Back-to-back winners traded at 999-1 on Betfair on Sunday – in an extraordinary ten minutes for in-running layers.
Curragh winner Penny Pepper, who was sent off at odds of 16-1, was never nearer than seventh approaching the final furlong in the TRM Ballyogan Stakes before storming home in the Group 3, having traded at the maximum 1,000 on the exchanges. Duelling leaders Only Mine and Alphabet were backed at lows of 1.7 and 1.04.
More in-running mayhem
And a mere ten minutes later, in-running layers were dealt another severe blow at Nottingham, with 50-1 shot Best Of My Love repelling all comers in the 1m½f fillies' maiden having also been laid at 999-1, despite making every yard of the running.
Backers of Kitty Boo looked certain to cash in as the 3-1 shot bore down on the leader, only for Best Of My Love to hold on for the win.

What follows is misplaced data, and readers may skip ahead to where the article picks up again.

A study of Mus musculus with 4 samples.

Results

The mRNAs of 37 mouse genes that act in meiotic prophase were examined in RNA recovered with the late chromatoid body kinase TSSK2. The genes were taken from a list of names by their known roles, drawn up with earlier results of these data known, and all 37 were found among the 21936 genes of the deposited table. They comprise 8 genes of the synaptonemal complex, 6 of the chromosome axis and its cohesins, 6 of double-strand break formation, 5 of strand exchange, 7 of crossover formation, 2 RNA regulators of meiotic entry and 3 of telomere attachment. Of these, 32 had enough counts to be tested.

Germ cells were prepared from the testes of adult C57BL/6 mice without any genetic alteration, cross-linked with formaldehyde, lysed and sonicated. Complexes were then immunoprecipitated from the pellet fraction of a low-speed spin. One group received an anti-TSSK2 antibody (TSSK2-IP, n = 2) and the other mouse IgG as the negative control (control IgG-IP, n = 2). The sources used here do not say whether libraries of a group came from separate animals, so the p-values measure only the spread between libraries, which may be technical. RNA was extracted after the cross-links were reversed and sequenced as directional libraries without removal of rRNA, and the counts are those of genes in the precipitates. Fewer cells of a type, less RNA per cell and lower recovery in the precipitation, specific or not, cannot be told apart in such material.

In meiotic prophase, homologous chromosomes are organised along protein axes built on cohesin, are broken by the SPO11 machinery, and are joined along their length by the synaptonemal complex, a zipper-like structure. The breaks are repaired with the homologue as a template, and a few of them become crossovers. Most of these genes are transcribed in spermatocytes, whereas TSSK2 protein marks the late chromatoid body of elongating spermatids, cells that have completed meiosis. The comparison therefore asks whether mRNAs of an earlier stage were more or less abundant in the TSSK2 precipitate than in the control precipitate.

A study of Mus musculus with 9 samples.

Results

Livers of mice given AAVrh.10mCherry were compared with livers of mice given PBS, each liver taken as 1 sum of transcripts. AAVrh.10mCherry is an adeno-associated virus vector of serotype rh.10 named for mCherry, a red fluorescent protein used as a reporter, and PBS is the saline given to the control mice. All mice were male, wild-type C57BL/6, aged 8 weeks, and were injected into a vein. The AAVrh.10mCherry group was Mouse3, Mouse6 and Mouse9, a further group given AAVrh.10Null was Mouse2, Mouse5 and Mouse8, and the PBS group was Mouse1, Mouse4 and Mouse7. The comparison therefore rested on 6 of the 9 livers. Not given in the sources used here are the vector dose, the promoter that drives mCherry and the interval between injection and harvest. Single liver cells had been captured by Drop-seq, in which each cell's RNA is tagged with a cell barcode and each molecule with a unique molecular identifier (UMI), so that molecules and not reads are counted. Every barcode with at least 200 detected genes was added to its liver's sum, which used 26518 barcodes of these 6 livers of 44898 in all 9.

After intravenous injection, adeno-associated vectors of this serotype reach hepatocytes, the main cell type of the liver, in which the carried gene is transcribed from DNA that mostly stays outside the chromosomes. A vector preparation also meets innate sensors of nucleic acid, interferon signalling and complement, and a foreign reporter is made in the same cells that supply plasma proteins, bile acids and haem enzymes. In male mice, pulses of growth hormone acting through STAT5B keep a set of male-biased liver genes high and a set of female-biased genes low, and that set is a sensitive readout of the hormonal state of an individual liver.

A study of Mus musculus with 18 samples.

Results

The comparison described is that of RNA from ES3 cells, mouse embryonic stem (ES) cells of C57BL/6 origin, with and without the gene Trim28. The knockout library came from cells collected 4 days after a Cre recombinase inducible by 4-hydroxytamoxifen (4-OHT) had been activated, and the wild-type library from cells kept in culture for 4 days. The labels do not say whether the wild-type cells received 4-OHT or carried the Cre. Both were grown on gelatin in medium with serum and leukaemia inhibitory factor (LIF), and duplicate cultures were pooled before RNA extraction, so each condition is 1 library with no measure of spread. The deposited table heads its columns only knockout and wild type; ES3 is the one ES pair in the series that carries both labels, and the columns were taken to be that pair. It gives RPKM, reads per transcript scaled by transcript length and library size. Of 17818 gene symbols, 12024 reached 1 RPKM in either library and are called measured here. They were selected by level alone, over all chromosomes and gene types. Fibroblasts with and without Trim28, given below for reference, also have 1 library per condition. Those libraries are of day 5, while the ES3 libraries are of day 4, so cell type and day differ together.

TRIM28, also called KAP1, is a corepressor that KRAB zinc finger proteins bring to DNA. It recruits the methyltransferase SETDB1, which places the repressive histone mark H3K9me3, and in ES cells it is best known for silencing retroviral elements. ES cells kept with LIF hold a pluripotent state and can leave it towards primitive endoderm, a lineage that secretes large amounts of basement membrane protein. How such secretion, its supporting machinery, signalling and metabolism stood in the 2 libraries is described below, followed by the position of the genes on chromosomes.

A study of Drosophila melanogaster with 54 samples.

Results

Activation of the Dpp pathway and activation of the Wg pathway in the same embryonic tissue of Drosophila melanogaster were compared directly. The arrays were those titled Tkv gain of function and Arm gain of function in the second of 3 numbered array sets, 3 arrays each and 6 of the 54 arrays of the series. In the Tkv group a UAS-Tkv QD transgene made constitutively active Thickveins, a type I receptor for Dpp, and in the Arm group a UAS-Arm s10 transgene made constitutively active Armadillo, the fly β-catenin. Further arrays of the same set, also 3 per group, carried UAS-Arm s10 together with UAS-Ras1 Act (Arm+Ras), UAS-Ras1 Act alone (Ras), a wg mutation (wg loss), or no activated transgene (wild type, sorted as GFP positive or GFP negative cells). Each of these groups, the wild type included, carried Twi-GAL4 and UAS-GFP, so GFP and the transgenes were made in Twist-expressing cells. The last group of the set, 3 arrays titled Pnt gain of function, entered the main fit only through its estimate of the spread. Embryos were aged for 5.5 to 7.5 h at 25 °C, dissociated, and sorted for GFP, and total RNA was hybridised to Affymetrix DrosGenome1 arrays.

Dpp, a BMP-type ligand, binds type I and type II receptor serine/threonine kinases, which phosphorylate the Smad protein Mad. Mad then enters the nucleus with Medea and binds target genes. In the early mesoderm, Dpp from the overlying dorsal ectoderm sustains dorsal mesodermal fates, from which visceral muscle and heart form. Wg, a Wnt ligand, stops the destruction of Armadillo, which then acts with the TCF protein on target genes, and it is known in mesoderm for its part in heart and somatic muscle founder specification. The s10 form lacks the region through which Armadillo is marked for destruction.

Betfair spokesman Barry Orr said: "While it's not unusual for horses to trade at 1,000 in running and win, it's highly unusual for it to happen in consecutive races.
"In fact, this is the first time such a scenario has unfolded in the history of in-running betting on Betfair, so it's quite a significant day for the exchange."
Fingers burned on Betfair
There have been several incidents of high drama on Betfair in recent weeks, with Frankel colt Westerland foiling a rival who was backed at the minimum 1.01 at Leicester late last month.
Before that, the Mark Johnston-trained Seyaady became one of the most expensive losers in Betfair history when just touched off at Carlisle.
The winner Ventura Dragon was matched at 1,000 after a whopping £85,952 was traded at 1.01 on the runner-up, who looked to have won in a photo-finish.
Just a day later, there was joy for 999-1 backers on the exchanges when Captain Sharpe flew home at Hexham, storming to an unlikely victory having been 15 lengths behind the leaders jumping the last.
Best Of My Love's success was not the first time Nottingham has been the scene of in-running drama. In 2011 a massive £404,647 was traded on Kay Gee Be at the minimum price, only for backers to be spectacularly caught out by the course's tricky camera angle. That figure remains the record amount traded at 1.01 on a horse who failed to win.